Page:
Tonsillitis (infection of the tonsils) is amongst the most common conditions seen in both ENT and General Practice. It is most commonly bacterial in origin with the most common pathogens being: B haemolytic Streptococcus, Pneumococcus and Haemophilus influenzae. It can occur following a viral infection.
The diagnosis of tonsillitis is made from the history and clinical findings.
A throat swab often gives misleading results, growing a surface organism rather than reflecting true bacterial activity.
Tonsillitis is treated using antibiotics. Oral penicillin V or ampicillin are appropriate. N.B: Ampicillin or amoxicillin should be avoided if glandular fever is suspected as this may cause a florid skin rash. Erythromycin should be used in patients with an allergy to penicillin. Give paracetamol for analgesia.
Hospital admission only required if:
In hospital, treatment includes: rehydration, analgesia and intravenous antibiotics
This is the most commonly performed operation in ENT. It involves removing the tonsils via various methods, under general anaesthetic.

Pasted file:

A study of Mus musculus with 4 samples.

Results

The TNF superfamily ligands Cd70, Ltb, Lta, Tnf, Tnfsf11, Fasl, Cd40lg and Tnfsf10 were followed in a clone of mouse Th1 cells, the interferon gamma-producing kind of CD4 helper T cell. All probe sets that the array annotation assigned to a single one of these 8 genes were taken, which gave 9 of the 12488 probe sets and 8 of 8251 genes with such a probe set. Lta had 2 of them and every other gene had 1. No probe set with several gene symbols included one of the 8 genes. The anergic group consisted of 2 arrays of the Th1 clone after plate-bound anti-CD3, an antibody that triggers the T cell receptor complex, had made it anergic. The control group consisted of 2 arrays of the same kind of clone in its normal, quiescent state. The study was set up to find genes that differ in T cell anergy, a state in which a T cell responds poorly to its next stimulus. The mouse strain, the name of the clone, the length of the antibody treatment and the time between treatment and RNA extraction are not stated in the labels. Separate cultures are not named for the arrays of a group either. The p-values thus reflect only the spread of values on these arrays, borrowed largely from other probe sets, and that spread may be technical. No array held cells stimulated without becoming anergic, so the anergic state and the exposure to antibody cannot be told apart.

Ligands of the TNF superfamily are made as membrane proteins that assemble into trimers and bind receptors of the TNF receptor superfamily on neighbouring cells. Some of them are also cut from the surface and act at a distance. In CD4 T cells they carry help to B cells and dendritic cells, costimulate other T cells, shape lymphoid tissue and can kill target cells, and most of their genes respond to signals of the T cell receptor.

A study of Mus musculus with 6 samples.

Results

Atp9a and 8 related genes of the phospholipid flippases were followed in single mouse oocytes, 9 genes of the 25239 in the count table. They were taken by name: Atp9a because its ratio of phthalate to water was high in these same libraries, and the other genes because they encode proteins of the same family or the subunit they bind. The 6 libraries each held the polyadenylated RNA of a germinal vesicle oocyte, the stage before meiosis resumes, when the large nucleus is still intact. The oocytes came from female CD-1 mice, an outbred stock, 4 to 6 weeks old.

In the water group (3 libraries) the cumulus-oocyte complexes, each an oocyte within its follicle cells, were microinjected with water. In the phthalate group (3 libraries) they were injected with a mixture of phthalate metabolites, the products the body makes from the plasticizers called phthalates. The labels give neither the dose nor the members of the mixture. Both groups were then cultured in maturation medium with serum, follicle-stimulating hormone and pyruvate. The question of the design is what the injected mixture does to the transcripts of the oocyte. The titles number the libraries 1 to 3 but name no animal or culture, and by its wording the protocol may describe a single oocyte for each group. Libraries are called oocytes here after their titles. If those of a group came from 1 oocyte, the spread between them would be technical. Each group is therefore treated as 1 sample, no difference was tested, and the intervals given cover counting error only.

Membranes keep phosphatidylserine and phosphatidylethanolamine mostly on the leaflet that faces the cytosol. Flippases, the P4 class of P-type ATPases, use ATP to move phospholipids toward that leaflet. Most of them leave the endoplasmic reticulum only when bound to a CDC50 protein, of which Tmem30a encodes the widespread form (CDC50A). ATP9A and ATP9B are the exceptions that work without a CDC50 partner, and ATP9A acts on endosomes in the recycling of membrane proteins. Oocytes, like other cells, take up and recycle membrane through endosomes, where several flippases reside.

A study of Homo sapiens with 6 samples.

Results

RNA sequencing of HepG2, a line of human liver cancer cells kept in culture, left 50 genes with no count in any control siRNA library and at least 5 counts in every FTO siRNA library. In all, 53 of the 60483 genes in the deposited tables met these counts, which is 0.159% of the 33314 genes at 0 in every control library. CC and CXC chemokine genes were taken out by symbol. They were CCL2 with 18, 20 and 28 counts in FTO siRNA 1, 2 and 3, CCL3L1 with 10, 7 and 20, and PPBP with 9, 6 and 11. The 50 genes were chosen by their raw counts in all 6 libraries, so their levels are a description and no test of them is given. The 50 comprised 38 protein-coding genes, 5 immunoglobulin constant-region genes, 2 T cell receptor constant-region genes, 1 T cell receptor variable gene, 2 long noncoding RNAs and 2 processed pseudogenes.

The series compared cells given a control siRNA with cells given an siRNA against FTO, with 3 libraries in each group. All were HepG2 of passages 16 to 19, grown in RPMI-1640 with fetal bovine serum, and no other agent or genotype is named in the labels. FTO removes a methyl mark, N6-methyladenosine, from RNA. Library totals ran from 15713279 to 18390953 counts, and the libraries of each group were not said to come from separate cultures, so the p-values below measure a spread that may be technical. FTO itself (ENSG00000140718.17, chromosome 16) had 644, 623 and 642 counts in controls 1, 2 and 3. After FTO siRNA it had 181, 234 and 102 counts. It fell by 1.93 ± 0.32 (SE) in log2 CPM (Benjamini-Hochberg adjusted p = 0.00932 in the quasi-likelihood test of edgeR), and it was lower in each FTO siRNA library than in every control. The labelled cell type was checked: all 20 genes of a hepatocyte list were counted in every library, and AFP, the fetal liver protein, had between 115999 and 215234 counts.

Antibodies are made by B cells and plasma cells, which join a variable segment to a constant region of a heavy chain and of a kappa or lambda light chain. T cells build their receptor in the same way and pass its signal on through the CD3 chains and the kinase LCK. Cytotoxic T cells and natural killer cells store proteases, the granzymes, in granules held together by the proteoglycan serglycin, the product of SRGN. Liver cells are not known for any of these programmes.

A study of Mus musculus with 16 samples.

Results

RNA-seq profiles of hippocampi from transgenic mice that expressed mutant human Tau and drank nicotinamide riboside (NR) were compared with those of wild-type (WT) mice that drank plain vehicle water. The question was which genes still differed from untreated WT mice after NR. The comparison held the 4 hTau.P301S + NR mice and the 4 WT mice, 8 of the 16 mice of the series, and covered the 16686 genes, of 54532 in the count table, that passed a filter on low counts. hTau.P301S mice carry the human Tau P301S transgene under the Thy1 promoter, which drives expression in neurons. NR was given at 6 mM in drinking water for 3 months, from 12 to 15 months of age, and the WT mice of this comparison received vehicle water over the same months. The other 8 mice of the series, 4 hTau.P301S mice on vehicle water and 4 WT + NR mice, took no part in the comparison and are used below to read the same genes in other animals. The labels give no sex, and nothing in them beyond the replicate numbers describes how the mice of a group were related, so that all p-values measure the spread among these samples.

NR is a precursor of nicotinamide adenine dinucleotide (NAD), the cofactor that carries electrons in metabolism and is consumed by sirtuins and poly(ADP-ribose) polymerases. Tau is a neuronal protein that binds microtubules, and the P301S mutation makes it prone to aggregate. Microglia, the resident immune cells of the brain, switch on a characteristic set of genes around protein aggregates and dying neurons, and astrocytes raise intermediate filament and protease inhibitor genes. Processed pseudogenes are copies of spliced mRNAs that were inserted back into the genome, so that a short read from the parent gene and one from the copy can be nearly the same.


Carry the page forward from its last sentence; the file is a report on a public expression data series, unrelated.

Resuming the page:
The indications for tonsillectomy may be absolute or relative.
A quinsy is a collection of pus forming outside the capsule of the tonsil. It is more common in adults than in children and is almost always unilateral.
The patient already suffering from acute tonsillitis becomes more ill, has a peak temperature and develops severe dysphagia with referred otalgia.
The major clinical feature is trismus. Further the buccal mucosa is furred and there is foetor. The quinsy will push the tonsil downwards and medially.
Treatment is intravenous antibiotics and drainage of the abscess. The relief is immediate and dramatic.